According to a public solicitation posted last week, TSA plans to use the products for a variety of purposes, from printing marketing material and producing video to IT security testing and developing mobile applications for public consumption.
TSA primarily uses Windows-based computers and RIM BlackBerry devices to fill most of those needs, according to the agency's request for information. The Apple products will help to fill a "capability gap," according to the document. TSA has issued a separate RFI for the acquisition of Google Android-based devices.
The agency tested several dozen Apple iOS devices last year. It's now looking to expand that to several hundred devices and had identified 15 use cases. Among the potential users are bomb appraisers and behavior detection officers. TSA says it's following "the public-driven demand for more mobility."
The agency wants to be able to use free and inexpensive off-the-shelf mobile applications, including those available through Apple's AppStore. It identified Google Translate and airline and weather apps as among those that could potentially help the agency meet the government's objective of using new technologies to operate more efficiently.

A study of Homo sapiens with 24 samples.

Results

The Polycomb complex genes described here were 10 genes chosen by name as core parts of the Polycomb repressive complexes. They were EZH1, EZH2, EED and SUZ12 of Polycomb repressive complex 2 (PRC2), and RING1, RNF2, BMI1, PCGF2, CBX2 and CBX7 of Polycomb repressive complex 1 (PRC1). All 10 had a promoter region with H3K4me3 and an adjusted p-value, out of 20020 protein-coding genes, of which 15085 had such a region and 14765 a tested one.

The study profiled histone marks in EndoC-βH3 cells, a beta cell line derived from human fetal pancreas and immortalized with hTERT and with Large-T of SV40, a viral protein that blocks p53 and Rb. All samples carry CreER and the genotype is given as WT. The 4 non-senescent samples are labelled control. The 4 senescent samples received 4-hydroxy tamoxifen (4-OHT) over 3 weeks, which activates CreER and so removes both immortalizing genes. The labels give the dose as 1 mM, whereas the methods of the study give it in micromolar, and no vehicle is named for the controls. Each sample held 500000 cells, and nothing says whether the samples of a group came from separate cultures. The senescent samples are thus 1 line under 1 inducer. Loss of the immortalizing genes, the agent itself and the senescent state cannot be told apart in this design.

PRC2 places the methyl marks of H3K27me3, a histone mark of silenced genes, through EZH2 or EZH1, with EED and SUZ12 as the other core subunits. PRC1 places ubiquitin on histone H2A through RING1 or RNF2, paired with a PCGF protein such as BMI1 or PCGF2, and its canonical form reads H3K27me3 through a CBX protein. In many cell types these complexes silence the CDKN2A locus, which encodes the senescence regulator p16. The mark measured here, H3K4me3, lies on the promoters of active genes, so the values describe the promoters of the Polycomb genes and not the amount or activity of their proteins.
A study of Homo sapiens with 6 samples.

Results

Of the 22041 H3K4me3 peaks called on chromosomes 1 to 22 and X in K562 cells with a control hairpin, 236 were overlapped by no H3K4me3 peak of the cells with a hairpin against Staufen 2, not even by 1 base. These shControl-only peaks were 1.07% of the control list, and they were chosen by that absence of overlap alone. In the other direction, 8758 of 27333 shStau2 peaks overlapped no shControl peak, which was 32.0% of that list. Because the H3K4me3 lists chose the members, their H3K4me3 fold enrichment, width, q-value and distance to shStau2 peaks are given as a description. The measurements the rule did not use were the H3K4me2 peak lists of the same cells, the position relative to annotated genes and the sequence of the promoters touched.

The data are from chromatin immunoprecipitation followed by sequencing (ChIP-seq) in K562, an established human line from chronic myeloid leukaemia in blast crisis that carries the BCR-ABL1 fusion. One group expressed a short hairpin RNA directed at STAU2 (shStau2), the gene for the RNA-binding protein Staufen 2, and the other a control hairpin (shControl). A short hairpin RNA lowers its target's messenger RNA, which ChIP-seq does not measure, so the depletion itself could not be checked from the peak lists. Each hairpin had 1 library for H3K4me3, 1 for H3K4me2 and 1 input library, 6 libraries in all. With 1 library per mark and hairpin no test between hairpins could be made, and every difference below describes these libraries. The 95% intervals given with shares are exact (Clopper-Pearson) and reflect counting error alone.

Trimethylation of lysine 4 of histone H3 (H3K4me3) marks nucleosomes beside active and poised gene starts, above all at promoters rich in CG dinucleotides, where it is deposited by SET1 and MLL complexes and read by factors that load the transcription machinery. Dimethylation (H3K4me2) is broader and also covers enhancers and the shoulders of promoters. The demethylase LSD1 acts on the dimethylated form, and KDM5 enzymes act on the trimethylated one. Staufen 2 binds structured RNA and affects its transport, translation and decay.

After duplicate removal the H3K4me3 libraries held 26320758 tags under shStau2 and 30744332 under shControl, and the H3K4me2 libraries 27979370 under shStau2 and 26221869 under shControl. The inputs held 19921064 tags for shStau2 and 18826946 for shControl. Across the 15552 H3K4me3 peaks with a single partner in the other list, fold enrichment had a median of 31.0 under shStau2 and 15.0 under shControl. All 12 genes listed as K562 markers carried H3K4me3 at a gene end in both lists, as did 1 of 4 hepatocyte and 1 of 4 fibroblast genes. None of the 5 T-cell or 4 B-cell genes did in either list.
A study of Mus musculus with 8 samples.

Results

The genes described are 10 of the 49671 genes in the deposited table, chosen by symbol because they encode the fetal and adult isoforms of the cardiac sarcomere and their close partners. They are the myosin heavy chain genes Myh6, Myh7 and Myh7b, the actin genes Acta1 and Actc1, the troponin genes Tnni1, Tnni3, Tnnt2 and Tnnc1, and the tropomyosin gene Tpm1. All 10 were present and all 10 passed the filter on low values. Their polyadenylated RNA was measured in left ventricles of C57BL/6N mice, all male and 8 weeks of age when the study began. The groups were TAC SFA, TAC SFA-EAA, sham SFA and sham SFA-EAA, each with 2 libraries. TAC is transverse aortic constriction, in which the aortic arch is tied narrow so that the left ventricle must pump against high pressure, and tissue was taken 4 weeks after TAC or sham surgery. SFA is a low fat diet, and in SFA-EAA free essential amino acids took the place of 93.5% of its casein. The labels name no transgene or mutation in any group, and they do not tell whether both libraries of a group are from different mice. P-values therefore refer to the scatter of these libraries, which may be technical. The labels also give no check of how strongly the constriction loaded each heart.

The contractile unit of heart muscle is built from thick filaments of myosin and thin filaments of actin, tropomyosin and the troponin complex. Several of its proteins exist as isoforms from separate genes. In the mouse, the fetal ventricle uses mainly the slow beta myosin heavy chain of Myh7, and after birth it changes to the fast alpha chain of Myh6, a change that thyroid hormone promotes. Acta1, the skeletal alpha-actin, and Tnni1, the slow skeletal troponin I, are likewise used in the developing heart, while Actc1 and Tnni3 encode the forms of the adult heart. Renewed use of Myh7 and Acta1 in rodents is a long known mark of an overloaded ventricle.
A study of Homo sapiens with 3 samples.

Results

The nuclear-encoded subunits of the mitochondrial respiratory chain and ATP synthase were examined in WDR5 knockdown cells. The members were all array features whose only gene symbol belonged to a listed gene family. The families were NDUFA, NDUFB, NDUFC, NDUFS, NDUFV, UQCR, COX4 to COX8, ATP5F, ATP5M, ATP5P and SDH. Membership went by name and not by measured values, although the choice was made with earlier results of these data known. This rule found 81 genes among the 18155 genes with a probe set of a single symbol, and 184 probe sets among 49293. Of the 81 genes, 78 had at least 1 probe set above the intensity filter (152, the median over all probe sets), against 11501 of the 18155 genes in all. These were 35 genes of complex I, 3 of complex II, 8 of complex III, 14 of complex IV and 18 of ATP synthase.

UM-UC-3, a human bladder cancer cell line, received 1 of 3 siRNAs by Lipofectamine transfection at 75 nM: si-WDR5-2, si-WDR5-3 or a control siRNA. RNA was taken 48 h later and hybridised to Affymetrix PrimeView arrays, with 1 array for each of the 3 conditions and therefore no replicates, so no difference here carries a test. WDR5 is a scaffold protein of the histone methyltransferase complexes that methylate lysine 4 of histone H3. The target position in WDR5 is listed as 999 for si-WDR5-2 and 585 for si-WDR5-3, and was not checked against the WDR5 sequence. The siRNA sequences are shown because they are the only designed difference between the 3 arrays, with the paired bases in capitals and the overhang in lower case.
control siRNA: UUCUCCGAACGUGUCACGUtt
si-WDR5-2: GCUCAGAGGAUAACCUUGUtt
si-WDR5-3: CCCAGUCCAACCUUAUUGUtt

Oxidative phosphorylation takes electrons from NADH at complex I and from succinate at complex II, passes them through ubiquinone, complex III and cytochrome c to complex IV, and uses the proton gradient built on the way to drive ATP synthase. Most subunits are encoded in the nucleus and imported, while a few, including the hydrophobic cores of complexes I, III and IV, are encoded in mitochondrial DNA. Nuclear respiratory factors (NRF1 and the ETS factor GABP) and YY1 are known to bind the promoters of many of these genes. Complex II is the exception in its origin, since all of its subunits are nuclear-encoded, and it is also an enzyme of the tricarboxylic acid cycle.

[ Learn more about the feds' mobility push. Read 3 Goals Of White House 'Digital Government' Plan. ]
TSA said it needs Apple hardware and software to enable it to update its MyTSA iPhone application, which has been downloaded more than 250,000 times. With an eye on developing new iOS applications, the agency is looking to acquire Apple's Xcode development environment and the developer licenses necessary for posting to the AppStore.
TSA's RFI illustrates growing demand for mobile devices in general--and Apple products in particular--across federal government.
In March, the Air Force Mobility Command awarded a $9.36 million contract for up to 18,000 iPad 2s, and in April the Federal Aviation Administration said it would expand a pilot iPad program to more employees. Other federal agencies supporting iPads and other Apple gear include the Department of the Interior, Department of Veterans Affairs, the Bureau of Alcohol, Tobacco, and Firearms, and the Army.
Big data places heavy demands on storage infrastructure. In the new, all-digital Big Storage issue of InformationWeek Government, find out how federal agencies must adapt their architectures and policies to optimize it all. Also, we explain why tape storage continues to survive and thrive.